Sen. Bernie SandersBernie SandersDon't let partisan politics impede Texas' economic recovery The Hill's Morning Report - Presented by Alibaba - Democrats argue price before policy amid scramble Overnight Energy & Environment — Presented by the League of Conservation Voters — EPA finalizing rule cutting HFCs MORE (I-Vt.) said on Sunday that his team is "looking at" a possible 2020 White House bid, but they want to ensure that he is the "strongest candidate" who can defeat President TrumpDonald TrumpJulian Castro knocks Biden administration over refugee policy Overnight Energy & Environment — League of Conservation Voters — Climate summit chief says US needs to 'show progress' on environment Five takeaways from Arizona's audit results MORE before making a final decision.
“I will make that decision at the appropriate time,” Sanders said on MSNBC's "PoliticsNation with Al Sharpton."
“And I will be honest with you, you are a friend," he said, addressing Sharpton. "You know, we’re looking at it. But it’s a decision that impacts your family. And I want to make sure that when I make that decision, if I decide to run, that I have concluded, in fact, that I am the strongest candidate who can defeat Donald Trump."
"We’ve got some great people out there who are thinking of running," Sanders added. "They are my friends. And I’ve got to make that decision that, based on my background, based on my past, based on my ideas that, in fact, I am the candidate that can defeat Trump."
Sanders is one of more than a dozen Democrats eyeing a bid for the presidency.
His 2016 presidential campaign mobilized progressive voters who resonated with his brand of self-defined democratic socialism, but former Secretary of State Hillary ClintonHillary Diane Rodham ClintonDemocrats worry negative images are defining White House Heller won't say if Biden won election Whitmer trailing GOP challenger by 6 points in Michigan governor race: poll MORE ultimately won the party's nomination.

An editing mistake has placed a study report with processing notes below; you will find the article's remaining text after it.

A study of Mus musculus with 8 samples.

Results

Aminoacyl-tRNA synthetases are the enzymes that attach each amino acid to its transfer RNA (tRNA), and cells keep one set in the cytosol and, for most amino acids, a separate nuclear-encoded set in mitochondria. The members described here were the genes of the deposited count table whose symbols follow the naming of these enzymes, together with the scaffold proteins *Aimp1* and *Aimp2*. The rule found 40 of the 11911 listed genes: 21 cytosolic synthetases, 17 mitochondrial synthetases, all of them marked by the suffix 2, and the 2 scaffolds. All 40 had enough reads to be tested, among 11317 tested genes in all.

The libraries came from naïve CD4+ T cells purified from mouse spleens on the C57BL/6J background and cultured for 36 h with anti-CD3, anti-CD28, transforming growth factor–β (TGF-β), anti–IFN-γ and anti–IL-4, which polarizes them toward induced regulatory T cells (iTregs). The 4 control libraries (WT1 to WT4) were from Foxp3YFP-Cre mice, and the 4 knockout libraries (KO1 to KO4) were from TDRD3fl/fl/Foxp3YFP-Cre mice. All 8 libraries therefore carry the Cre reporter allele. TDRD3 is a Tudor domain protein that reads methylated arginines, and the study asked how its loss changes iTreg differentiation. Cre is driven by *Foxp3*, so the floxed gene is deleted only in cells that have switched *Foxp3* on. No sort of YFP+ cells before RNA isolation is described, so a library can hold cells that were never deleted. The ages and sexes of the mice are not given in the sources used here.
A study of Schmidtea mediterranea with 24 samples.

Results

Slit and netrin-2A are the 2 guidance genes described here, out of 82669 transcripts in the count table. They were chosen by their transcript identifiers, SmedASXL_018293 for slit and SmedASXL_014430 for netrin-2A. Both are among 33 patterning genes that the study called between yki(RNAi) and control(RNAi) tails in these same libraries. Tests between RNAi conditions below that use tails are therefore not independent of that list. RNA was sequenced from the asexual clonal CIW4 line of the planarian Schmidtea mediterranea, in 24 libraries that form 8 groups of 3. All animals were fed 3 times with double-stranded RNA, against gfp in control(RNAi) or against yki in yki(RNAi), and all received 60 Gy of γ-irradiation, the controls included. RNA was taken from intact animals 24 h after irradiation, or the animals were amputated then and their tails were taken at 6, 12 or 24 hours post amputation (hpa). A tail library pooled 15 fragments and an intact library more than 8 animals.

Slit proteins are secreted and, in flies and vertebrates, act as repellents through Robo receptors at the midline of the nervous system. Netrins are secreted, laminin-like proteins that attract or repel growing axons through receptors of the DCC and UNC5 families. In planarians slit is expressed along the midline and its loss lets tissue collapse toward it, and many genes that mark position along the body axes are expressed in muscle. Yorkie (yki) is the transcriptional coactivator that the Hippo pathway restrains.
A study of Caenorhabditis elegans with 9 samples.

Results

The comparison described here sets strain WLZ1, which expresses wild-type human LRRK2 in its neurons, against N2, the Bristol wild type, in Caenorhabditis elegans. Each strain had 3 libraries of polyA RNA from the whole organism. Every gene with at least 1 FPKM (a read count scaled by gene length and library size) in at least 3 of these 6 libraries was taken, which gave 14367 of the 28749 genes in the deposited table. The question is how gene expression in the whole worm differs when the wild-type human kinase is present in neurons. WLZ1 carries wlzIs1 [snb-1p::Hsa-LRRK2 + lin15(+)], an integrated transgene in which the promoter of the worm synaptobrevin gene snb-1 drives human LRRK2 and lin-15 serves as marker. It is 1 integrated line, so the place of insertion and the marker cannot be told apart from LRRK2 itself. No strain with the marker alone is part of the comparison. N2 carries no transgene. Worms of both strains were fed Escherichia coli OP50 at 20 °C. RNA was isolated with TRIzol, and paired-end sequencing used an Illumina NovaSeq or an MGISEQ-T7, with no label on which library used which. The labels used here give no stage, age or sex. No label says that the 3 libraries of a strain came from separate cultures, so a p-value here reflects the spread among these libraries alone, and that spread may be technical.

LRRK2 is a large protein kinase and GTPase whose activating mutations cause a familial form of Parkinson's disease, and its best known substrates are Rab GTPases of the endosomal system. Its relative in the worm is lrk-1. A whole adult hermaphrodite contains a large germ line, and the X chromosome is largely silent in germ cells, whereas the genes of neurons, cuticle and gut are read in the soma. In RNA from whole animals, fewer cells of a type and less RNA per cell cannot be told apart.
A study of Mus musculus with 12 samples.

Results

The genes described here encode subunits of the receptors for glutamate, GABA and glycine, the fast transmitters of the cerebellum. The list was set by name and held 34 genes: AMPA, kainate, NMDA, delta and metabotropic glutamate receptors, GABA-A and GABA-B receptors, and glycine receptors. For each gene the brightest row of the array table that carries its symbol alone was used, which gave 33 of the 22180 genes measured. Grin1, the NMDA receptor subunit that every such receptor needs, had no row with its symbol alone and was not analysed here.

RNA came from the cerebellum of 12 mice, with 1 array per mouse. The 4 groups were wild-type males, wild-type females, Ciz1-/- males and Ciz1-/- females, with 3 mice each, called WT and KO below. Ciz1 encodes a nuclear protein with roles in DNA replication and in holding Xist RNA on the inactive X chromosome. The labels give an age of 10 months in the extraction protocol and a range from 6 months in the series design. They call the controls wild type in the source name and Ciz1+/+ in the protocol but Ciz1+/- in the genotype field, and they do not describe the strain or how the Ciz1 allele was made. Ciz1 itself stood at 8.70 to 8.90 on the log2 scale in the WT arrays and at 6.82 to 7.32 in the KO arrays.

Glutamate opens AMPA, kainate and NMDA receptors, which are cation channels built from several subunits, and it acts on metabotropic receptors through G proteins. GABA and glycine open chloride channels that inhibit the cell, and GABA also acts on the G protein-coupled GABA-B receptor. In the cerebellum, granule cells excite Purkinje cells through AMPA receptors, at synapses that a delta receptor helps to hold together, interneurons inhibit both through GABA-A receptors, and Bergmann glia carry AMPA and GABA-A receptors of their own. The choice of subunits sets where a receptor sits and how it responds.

The Vermont independent during the midterm elections campaigned for progressive Democrats across the country.
Sanders is one of Trump's most outspoken critics in the Senate, more than once calling him the "most racist, sexist, homophobic, bigoted president in history."
A Politico/Morning Consult presidential primary poll last week had former Vice President Joe BidenJoe BidenFighter jet escorts aircraft that entered restricted airspace during UN gathering Julian Castro knocks Biden administration over refugee policy FBI investigating alleged assault on Fort Bliss soldier at Afghan refugee camp MORE and Sanders leading the pack of Democrats, with former Rep. Beto O'RourkeBeto O'RourkeMatthew McConaughey on potential political run: 'I'm measuring it' Anti-Greg Abbott TV ad pulled minutes before college football game: Lincoln Project O'Rourke prepping run for governor in Texas: report MORE (D-Texas) in third place.
Other possible 2020 contenders include Sens. Elizabeth WarrenElizabeth WarrenTreasury says more rental aid is reaching tenants, preventing evictions 11 senators urge House to pass .5T package before infrastructure bill Senate Democrats seeking information from SPACs, questioning 'misaligned incentives' MORE (D-Mass.), Kamala HarrisKamala HarrisTwo 'View' hosts test positive for coronavirus ahead of Harris interview Rep. Karen Bass to run for mayor of Los Angeles: report Biden taps big bank skeptic to for top regulatory post MORE (D-Calif.) and Cory BookerCory BookerDemocrats press Schumer on removing Confederate statues from Capitol The Hill's Morning Report - Presented by Alibaba - Biden jumps into frenzied Dem spending talks Biden employs flurry of meetings to unite warring factions MORE (D-N.J.).